Sunday, 15 May 2011

Side Gallery

I am shocked to hear that the Side Gallery in Newcastle has lost all it's Arts
Council funding. As the only gallery in the UK that has supported and shown documentary photography for over 35 years, the gallery needs as many people to write in, offering support of their unique and valuable role in British documentary photography.
All the info about the Art councils reasons and Sides counter arguments can be found on the Side website
There is a petition that I encourage everyone to sign. The local MP's in the North East of England have join the campaign to try to save the galleries funding by questioning it in the House of Commons.
I have a strong affection for the gallery and the cooperative, Amber, that run it. They are the only gallery in the UK to have given me a solo show, and not only once but twice.
I showed Between the Lines in 2002 and Fault Lines in 2010.
Today I was at the Victoria and Albert Museum to see the Figures and Fiction, Contemporary South African Photography, and also went to the permanent gallery space, where they were showing a collection of photographs by the truely amazing, David Goldbaltt from their collection. The work was originally organised and shown in the UK by the Side Gallery, who then toured the exhibition around the UK. When the exhibition ended David donated the prints to the V&A.
This is one of many cases of both photographers and their work that they have supported over the years, I made a previous post about the great posters they have from previous exhibition that can be viewed here.
©Graham Smith
In the  spring of 2010, they exhibited Tim Hetherington's striking photographs of the civil war in Liberia, taken from his first book Long Story Bit by Bit – Liberia Retold.
As a tribute to Tim, I would like to post this link to the talk he did at Side at the time of the opening.

Monday, 9 May 2011

Leicester feature for Russian Reporter

A few weeks ago I shot a feature for Russian Reporter on Leicester, the 10th largest city in the UK.
The story was based on the  prediction that Leicester will become the first city in the UK with a non-white majority. I was free to explore and interpret this story as I saw it.

I've never been to Leicester before and apart from my London project, "Invisible", I haven't shot a story in the UK for years.

One of the first things that you realise is that Leicester is not London. Statistics are interesting but can also be misleading.
London is a truly multicultural city, and I soon realised that the population of Leicester is roughly similar to individual boroughs in London and there are a number of London boroughs that are less than 50% white.
So, if I move around my area of London, I see pretty much every corner of the world represented, not only that, but people are living almost on top of each other. My "Invisible" project addresses some of the issues of how we occupy and share a space. More on this in a couple of months, I am in the process of finishing this work and have a preview exhibition/installation lined up for July in London.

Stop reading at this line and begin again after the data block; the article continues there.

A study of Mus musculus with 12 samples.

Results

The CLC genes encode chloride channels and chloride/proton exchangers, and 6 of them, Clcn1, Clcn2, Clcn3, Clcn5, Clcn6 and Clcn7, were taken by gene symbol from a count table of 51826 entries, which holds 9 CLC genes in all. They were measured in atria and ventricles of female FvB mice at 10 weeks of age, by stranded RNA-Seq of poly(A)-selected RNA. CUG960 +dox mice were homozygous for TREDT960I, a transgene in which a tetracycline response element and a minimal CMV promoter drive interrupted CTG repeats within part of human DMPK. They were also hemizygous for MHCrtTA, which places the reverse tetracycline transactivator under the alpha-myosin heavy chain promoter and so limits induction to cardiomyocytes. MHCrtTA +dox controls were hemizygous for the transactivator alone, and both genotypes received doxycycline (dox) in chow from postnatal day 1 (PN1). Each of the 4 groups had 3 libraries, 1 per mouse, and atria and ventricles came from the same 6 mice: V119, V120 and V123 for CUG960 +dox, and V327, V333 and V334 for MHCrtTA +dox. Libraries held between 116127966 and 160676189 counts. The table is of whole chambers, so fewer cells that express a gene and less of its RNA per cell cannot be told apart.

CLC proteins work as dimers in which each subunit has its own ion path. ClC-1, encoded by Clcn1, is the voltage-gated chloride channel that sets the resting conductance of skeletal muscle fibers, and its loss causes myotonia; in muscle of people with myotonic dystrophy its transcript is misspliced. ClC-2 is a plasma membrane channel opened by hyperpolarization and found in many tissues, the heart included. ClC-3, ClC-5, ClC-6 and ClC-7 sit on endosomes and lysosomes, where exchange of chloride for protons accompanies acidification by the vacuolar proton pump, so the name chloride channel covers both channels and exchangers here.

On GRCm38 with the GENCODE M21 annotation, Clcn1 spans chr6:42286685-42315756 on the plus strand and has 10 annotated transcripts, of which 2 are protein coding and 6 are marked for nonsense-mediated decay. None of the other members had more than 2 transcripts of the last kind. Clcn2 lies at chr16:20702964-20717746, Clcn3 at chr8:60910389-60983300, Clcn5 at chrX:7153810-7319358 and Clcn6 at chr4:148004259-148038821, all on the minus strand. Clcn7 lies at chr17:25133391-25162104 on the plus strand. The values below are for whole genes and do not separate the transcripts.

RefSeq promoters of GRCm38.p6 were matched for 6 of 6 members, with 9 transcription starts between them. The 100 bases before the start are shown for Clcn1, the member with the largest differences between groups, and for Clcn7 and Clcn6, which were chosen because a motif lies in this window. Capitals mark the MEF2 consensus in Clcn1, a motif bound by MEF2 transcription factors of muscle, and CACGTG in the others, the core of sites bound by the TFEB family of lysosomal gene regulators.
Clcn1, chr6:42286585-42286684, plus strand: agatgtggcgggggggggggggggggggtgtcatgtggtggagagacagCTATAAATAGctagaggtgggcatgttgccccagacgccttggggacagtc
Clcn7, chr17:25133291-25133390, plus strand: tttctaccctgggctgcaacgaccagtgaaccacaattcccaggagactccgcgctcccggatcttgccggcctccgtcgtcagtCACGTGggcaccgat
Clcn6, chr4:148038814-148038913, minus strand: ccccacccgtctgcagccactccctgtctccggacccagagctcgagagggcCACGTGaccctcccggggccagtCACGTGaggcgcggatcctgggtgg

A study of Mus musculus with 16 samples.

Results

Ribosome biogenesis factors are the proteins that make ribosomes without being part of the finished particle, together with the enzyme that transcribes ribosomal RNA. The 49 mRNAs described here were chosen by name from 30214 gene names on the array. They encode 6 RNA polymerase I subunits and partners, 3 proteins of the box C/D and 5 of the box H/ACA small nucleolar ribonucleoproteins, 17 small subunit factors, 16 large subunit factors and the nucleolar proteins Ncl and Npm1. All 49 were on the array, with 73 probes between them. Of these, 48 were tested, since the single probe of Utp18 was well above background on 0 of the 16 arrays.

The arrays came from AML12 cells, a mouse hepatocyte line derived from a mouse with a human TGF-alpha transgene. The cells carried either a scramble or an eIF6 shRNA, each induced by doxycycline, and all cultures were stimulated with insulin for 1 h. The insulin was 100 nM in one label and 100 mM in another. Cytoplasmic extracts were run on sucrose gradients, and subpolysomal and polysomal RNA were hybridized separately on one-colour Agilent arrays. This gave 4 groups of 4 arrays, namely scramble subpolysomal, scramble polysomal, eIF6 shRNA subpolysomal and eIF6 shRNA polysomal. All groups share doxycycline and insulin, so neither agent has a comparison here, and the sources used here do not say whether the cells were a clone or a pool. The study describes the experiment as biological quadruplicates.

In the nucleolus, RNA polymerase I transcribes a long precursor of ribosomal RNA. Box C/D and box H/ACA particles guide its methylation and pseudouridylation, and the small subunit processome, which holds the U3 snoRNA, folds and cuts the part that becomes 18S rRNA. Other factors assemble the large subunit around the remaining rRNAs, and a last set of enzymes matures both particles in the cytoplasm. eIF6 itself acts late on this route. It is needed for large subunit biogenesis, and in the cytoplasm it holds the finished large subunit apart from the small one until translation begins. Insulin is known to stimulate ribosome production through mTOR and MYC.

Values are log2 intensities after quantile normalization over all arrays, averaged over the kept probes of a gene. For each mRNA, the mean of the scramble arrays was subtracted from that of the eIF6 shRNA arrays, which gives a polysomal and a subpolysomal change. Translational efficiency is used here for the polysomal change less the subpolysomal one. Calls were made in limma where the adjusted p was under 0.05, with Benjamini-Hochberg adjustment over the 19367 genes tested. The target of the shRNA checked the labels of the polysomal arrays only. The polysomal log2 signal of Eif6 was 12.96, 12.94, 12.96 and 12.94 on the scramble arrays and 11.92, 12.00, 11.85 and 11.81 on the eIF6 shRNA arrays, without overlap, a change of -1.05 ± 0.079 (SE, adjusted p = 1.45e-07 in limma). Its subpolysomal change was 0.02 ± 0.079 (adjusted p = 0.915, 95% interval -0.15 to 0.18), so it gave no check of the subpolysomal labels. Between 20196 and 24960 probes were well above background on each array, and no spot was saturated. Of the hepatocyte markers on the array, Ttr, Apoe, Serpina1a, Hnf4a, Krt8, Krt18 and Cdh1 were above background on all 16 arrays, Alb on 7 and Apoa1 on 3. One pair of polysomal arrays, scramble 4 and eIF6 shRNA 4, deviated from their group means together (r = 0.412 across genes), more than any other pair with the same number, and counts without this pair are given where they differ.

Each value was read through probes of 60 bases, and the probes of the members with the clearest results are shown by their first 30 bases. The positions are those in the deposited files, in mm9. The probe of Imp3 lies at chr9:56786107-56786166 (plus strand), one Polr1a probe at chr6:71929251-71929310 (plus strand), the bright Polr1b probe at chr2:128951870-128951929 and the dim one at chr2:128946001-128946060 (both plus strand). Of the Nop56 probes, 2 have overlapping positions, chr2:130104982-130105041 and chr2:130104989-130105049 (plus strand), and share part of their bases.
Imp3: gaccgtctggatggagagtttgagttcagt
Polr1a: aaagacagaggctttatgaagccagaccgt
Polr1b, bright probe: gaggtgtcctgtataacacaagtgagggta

What I found in Leicester, is a city that is very proud of it's status as a successful multicultural city. It has become an official and unofficial line, with almost everyone singing to  the same tune. The psychology of this is interesting, in the same way that negative stories repeated start to reinforce believes and behaviour, in Leicester the spin is one of pride of it's multicultural status.

What I observed in Leicester was that although the workplace, business and the city centre were multicultural, the residential areas were fairly segregated, the East and North mainly non white and the South and West mostly white. Also on a social level people seemed to keep to their own kind or tribe,  giving you two different levels of interaction, the private and the public.
In many ways, maybe this is one of the ways multiculturalism works. We recognize and respect difference, people live in peace with each other and overlap as and when. In the end we all live in our own tribes, be it by income, age, ethnicity, subcultures.
So I decide to photograph the different ethnic groups in there tribes, time didn't permit me to explore the mixed space of work and the city centre.

Later this year the 2011 census data will come out, so it will be interesting to see if Leicester is the first Non White City in the UK.

All Photographs ©George Georgiou 2011

Sunday, 8 May 2011

Antonio Olmos and Simon Norfolk

A beautifully shot video by an old friend, Antonio Olmos, on Simon Norfolk photographing and speaking from Afghanistan.
I love the sense you get of Afghanistan through this video.
It contrasts really well with the very precise and intelligent way that Simon selects and photographs his project.
The work from this video, Burke + Norfolk: Photographs From The War In Afghanistan is on show at the Tate Modern until 10/07/11.